LogCoop empowers small and medium-sized businesses even in times of crisis

LogCoop GmbH reports that since the beginning of the year it has noticed a stronger solidarity among its active members. In particular, the offer of professional and personal exchange of information is being increasingly used by freight forwarders.

Stronger together - also in sea freight: During the coronavirus crisis, several LogCoop members faced the challenge of having to deal with significant overcapacities that exceeded their own storage space. Thanks to the support of other network partners, they were able to fulfil the orders as required. (Photo: LogCoop)

LogCoop says this shows that many logistics service providers, especially in times of crisis, are realising that they are stronger together. LogCoop has taken this dynamic effect into account by increasing the frequency of events. However, the logistics cooperation and the warehouse network are not only platforms for knowledge transfer, but also offer members specific support in facing various challenges in the logistics business.

“It is right and important that we, as a logistics cooperation and warehouse network, have always actively promoted an exchange between our members. This is proven by the behaviour of the forwarders during the current crisis”, says Marc Possekel, managing director of LogCoop GmbH. Networking amongst those involved with the logistics industry has always been the most important component of LogCoop. By exchanging professional and personal information, contacts for possible project partnerships are created.

In view of the tense situation in the freight ports caused by the coronavirus, more cooperation has developed between LogCoop members. As a result of container congestion in the ports, some logistics service providers have had to deal with storage bottlenecks after clearance of the freight. Several LogCoop members have had to deal with significant overcapacities, but did not have enough free space in their warehouses. Thanks to the support of other logistics service providers from within the community, they are still able to fulfil their customers' orders as agreed. In addition to interim or long-term storage, the partners can take over transport and value-added services as required by the clients.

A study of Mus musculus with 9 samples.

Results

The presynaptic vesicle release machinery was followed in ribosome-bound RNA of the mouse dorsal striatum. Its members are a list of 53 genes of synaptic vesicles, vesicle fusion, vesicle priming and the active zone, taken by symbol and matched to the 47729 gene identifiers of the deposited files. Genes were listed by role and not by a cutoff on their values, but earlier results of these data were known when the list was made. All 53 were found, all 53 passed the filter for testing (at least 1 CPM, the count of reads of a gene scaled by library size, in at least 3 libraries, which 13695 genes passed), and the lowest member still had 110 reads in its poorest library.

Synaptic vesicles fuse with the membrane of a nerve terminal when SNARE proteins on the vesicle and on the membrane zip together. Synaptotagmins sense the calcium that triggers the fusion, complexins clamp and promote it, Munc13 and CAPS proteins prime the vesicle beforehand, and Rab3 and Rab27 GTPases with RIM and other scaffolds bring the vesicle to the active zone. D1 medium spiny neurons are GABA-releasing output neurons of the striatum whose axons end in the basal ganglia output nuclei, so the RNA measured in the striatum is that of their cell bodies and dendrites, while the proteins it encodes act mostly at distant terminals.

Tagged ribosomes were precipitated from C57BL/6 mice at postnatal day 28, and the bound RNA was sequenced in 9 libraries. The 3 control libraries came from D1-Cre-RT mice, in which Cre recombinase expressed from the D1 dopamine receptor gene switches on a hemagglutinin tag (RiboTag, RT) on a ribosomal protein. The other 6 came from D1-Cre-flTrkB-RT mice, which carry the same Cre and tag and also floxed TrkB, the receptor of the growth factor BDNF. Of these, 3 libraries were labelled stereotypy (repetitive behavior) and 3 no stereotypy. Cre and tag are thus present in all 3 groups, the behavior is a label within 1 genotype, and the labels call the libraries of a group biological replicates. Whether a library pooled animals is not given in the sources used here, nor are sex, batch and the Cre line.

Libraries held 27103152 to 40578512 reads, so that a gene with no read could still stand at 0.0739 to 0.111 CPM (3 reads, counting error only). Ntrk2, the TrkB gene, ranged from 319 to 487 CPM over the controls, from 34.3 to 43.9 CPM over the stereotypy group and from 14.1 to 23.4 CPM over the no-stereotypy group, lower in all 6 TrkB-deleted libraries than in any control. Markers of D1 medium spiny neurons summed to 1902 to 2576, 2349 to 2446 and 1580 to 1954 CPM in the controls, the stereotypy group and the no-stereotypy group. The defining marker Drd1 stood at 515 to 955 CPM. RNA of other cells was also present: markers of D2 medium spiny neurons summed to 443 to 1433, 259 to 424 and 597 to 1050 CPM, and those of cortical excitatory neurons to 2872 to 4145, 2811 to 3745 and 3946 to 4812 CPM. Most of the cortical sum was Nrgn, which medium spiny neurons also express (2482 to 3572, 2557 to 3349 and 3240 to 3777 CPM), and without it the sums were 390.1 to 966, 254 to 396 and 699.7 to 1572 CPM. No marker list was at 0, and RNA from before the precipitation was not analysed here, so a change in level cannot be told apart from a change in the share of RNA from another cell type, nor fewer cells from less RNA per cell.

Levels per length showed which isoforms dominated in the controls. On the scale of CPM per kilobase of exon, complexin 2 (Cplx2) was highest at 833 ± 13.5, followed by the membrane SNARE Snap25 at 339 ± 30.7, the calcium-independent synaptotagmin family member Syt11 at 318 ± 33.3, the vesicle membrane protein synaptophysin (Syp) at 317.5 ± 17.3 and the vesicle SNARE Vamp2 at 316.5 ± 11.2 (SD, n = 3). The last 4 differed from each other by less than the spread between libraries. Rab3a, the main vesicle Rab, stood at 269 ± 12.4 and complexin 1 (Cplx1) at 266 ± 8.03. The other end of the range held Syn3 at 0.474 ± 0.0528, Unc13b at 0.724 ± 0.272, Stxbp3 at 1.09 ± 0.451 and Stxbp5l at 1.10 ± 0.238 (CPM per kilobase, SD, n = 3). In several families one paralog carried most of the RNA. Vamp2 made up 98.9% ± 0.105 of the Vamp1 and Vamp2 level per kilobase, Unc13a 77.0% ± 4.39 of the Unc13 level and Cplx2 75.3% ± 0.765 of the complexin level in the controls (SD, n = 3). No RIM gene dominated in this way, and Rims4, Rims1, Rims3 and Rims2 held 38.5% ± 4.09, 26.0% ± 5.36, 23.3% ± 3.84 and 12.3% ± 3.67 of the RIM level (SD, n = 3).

The companies have come together at networking events, of which almost 40 are on the LogCoop annual calendar for 2020. These include regional and national meetings, working groups on topics such as e-fulfilment, sea/air freight and special transport, general cargo or fresh produce logistics, as well as workshops and specialist lectures on topics such as marketing, warehouse logistics, labour law or automation. Recently, many of the events have been held digitally. “The offer is well received. Since the beginning of this year, we have noticed that the members are becoming more and more proactive and are coming closer together,” reports Possekel. For example, the Cologne group now meets every two weeks instead of every quarter, and the national meeting for Spain even takes place weekly. Possekel explains: “We can now see quite clearly that our members are real movers and shakers. The community gives them the support they need right now. This helps them to look ahead and to embark on new journeys together.”

The coronavirus crisis has also put the logistics sector under huge pressure. While some companies have seen a drastic drop in orders, others have seen enquiries exceed their capacities. Possekel: “We offer optimal platforms for the exchange of capacities and know-how”. With over 200 members within LogCoop and almost 80 logistics service providers in the warehouse network, there is a wealth of expertise and resources that the partners can make available to each other. "We have an open ear for every member and try to find a solution to every problem”, says the managing director.